Saturday, February 20, 2016

Poverty in Picture Books

Children develop perceptions from picture books. They unravel understandings about themselves, their communities, and the larger world they share. They gain insight to the known, peek at the unknown, all the while seeking meaningful connections. Children deepen their sense of self through messages of validation, and are left feeling isolated when their narratives, their voice, is absent. Do children from poverty see their economic experiences portrayed in picture books? All kids need diverse and relevant picture book models, serving as catalysts to conversations and schema about economic diversity. The following are some sample text that portray possible experiences of poverty.

Words from A Shelter in Our Car... Mama opens our little ice chest and makes peanut butter and jelly sandwiches. We drank some leftover orange soda. It's sweet but flat.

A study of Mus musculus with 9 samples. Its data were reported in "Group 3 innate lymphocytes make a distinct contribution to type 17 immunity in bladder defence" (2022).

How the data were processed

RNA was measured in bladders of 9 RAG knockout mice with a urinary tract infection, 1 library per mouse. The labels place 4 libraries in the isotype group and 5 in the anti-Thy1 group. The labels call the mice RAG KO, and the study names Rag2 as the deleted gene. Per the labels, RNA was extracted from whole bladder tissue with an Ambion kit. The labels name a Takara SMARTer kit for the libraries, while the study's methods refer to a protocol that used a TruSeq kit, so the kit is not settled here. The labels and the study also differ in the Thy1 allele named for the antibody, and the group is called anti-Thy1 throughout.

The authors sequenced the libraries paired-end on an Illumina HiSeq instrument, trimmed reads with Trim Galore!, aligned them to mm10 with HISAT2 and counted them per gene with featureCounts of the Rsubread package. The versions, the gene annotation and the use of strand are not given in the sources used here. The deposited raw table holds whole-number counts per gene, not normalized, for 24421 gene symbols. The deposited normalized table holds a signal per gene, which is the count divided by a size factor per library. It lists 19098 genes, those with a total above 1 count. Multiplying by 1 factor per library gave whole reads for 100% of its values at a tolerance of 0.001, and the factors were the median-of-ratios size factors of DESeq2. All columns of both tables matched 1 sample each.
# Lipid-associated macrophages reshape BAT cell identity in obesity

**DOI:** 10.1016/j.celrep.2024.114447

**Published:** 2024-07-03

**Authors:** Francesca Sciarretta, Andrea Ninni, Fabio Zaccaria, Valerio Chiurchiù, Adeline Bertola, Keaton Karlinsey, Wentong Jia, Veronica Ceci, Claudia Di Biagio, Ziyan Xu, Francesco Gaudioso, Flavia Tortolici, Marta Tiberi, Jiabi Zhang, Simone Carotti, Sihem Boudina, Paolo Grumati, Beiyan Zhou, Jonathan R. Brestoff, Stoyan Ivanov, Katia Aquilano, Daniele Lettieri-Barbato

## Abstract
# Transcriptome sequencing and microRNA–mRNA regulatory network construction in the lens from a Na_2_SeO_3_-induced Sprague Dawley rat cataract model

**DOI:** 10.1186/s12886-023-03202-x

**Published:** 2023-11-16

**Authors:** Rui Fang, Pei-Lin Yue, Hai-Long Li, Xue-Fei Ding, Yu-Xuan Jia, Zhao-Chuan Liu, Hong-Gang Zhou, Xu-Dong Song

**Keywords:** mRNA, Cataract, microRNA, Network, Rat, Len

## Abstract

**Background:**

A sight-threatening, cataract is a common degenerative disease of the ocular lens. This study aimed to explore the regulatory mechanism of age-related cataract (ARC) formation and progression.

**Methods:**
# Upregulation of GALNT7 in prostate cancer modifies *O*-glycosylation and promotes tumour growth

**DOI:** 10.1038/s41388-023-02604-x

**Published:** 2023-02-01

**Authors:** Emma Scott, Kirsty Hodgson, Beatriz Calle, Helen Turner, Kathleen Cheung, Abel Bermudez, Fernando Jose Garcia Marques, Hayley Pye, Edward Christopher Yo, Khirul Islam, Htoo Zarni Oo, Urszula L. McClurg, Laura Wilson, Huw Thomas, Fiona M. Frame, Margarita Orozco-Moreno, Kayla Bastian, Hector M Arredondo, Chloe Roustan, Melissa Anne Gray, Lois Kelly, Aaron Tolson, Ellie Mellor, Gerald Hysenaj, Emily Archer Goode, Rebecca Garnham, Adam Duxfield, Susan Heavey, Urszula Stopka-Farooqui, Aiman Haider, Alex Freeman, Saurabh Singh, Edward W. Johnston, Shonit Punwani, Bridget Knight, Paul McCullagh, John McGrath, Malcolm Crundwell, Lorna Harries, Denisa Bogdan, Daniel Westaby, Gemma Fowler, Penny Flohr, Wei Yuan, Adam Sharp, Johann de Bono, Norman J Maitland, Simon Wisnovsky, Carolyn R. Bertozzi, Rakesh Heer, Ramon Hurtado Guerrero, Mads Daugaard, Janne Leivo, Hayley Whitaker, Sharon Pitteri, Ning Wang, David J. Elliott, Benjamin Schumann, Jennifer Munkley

Early next morning, Mama wakes me up and reminds me, "let's use the restroom in the park before it gets to crowded." It's chilly there, and I shiver as I put on my school clothes. Then I splash water on my face from the faucet.

Words from Getting through Thursday...
And the next day, my family and I grit all we got toward getting' through Thursday. That's because payday at Mama's school where she's a lunch lady doesn't come till Friday.

Words from Those Shoes...
"Grandma, I want them." "There's no room for 'want' around here- just 'need," Grandma says. "And what you need are new boots for winter."